When you request an Uber and get a text message that your driver is on the way or book a room on Airbnb and trade text messages with the host, that’s Twilio working behind the scenes — and since 2008, they’ve grown to serve a network of over 700,000 registered developers with over 30,000 new accounts being created every month.
Few companies see such breakneck growth without a marketing engine behind the scenes, and if you take a quick look at Twilio’s website, one thing is obvious: they are obsessed with their customers. From an entire section dedicated to customer success stories to feature descriptions that are clear, crisp, and easy to understand, Twilio puts their customers at the center of everything they do.
It’s Elisa Bellagamba‘s job to drive adoption of Twilio’s voice product, and we recently talked to her about her role and a few of her thoughts on being a product marketer at Twilio.
Q: Product marketing can be tough to define. How do you explain what you do at Twilio?
A: Product marketing at Twilio means combining deep product and customer knowledge to serve the goal of telling a compelling product story on one side, and translating upcoming trends to product vision on the other side.
Our customers are software developers and we have to address their needs and anticipate them, unlocking new use cases and experiences. My day to day jobs spans across market research, sales enablement, messaging, meeting with customers, experimenting and measuring the results of new products positioning.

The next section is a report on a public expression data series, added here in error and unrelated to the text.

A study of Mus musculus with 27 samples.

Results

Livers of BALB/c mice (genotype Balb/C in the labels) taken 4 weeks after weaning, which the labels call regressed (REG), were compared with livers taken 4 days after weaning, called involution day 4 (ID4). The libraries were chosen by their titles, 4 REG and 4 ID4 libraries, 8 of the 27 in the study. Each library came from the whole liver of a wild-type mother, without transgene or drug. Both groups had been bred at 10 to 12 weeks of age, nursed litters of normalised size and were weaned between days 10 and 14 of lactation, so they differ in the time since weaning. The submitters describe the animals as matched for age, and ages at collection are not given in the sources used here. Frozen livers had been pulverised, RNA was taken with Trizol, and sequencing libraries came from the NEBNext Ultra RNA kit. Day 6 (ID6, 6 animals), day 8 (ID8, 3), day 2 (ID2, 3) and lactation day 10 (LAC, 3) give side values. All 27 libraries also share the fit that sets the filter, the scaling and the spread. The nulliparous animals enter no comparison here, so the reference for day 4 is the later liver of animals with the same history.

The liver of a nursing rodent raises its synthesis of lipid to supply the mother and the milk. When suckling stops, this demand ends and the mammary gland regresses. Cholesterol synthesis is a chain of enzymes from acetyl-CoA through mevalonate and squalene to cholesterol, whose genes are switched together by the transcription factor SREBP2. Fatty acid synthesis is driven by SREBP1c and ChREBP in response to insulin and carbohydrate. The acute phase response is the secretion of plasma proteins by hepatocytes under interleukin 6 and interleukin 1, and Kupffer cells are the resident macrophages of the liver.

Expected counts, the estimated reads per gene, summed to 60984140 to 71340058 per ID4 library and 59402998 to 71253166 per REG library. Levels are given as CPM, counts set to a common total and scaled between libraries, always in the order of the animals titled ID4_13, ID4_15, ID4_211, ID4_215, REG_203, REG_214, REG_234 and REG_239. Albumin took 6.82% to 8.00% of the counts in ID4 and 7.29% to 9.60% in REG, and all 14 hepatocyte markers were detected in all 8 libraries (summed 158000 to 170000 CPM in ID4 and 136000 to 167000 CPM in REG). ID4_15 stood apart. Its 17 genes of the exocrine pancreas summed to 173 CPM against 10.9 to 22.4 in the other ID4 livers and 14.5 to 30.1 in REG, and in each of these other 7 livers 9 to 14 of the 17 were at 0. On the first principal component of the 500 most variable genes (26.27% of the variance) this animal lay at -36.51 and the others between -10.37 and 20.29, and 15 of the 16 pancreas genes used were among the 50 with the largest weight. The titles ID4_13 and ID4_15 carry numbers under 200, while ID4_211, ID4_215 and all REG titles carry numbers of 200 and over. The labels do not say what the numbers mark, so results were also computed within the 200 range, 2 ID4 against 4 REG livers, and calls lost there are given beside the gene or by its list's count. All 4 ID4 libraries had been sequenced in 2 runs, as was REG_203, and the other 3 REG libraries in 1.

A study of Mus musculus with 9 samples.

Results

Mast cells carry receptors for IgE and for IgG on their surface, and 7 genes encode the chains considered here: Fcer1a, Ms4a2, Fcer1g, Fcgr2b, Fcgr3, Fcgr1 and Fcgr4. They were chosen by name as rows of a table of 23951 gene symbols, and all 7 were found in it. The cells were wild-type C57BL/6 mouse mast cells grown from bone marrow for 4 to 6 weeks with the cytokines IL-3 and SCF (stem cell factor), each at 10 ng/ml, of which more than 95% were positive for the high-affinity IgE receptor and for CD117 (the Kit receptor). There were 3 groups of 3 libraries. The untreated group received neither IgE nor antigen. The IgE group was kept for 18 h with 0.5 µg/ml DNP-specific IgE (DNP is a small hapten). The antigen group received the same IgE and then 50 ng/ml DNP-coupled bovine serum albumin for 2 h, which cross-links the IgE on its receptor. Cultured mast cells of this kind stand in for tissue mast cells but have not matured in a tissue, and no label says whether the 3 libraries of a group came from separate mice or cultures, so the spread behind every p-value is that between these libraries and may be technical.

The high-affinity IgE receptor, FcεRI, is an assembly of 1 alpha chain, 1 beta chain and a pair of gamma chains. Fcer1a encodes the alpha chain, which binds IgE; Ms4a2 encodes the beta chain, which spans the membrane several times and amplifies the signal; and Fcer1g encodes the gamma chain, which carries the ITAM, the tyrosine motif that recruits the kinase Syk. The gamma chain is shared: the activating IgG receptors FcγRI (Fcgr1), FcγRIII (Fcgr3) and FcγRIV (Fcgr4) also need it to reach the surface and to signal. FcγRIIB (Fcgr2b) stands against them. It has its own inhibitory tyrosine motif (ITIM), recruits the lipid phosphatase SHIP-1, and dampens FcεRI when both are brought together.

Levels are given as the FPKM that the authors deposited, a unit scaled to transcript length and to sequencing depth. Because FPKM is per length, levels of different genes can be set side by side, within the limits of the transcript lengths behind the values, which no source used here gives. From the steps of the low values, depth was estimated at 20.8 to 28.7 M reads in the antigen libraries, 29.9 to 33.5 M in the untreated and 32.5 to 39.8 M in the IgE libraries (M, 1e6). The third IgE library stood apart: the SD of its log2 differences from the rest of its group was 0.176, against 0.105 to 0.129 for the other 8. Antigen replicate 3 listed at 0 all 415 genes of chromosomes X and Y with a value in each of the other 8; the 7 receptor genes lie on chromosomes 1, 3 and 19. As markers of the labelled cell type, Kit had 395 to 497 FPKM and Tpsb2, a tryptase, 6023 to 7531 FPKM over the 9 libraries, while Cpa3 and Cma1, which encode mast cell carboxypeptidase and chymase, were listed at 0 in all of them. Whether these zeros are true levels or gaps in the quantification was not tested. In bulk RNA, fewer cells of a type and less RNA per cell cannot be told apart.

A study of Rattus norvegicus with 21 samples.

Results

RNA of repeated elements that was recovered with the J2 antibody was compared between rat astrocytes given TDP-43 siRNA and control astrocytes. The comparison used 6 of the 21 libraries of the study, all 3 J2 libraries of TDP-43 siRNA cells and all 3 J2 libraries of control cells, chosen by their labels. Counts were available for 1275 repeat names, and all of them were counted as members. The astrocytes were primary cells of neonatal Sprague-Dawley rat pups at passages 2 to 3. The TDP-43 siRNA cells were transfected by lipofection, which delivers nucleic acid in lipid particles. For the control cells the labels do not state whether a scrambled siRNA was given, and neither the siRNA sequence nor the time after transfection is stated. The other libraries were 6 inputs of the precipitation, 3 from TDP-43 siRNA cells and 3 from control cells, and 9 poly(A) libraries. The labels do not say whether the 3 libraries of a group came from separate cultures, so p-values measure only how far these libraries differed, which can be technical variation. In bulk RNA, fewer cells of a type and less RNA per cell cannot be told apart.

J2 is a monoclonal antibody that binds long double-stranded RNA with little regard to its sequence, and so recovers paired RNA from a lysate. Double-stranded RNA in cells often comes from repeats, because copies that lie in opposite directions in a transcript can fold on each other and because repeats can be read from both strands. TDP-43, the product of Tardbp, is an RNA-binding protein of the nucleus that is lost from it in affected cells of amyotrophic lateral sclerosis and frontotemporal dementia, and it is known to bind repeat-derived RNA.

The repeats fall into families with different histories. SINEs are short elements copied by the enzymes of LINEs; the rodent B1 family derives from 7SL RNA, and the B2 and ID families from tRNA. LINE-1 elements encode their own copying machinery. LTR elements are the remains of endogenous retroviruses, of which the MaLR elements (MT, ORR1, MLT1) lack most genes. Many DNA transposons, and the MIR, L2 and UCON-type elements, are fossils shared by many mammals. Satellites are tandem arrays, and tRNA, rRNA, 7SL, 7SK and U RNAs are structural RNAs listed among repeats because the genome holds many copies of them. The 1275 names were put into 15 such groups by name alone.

Q: What metrics are you responsible for? How are you measured?
What I like the most about this role is the ability to combine creativity with a scientific rigor in measuring the outcomes of our experiments.
We are obsessed about metrics, we constantly monitor growth at different stage of the customer adoption funnel and collect NPS associated to the different activities we run.
Q: What’s the hardest part of your job as a product marketer today?
Focus and prioritization. Especially in a startup, speed is critical and the number of (typically very fun) marketing activities we can run are many, but only a few will make a difference.
It’s very important to find quick ways to validate early on what is the most promising bet, so to be able to change direction in case things don’t turn up as expected.
Q: What do you read? How do you stay on top of the latest in product marketing?
I have my collection of RSS feeds pointing to various websites and blogs such as Hacker News, Product Hunt, Tech Crunch, Venturebeat, AVC.com, bhorowitz.com and feld.com.
Q: Do you have examples of companies that you think nail their product marketing?
By placing the right bet on a few product features and targeting a specific market segment, Slack has been able to transform a potentially “yet-another-chat” app to the fastest growing business app. They are a great example of product positioning.
Product positioning can be tough to write, especially without a good framework to follow. Grab this free positioning template to help you write better product copy.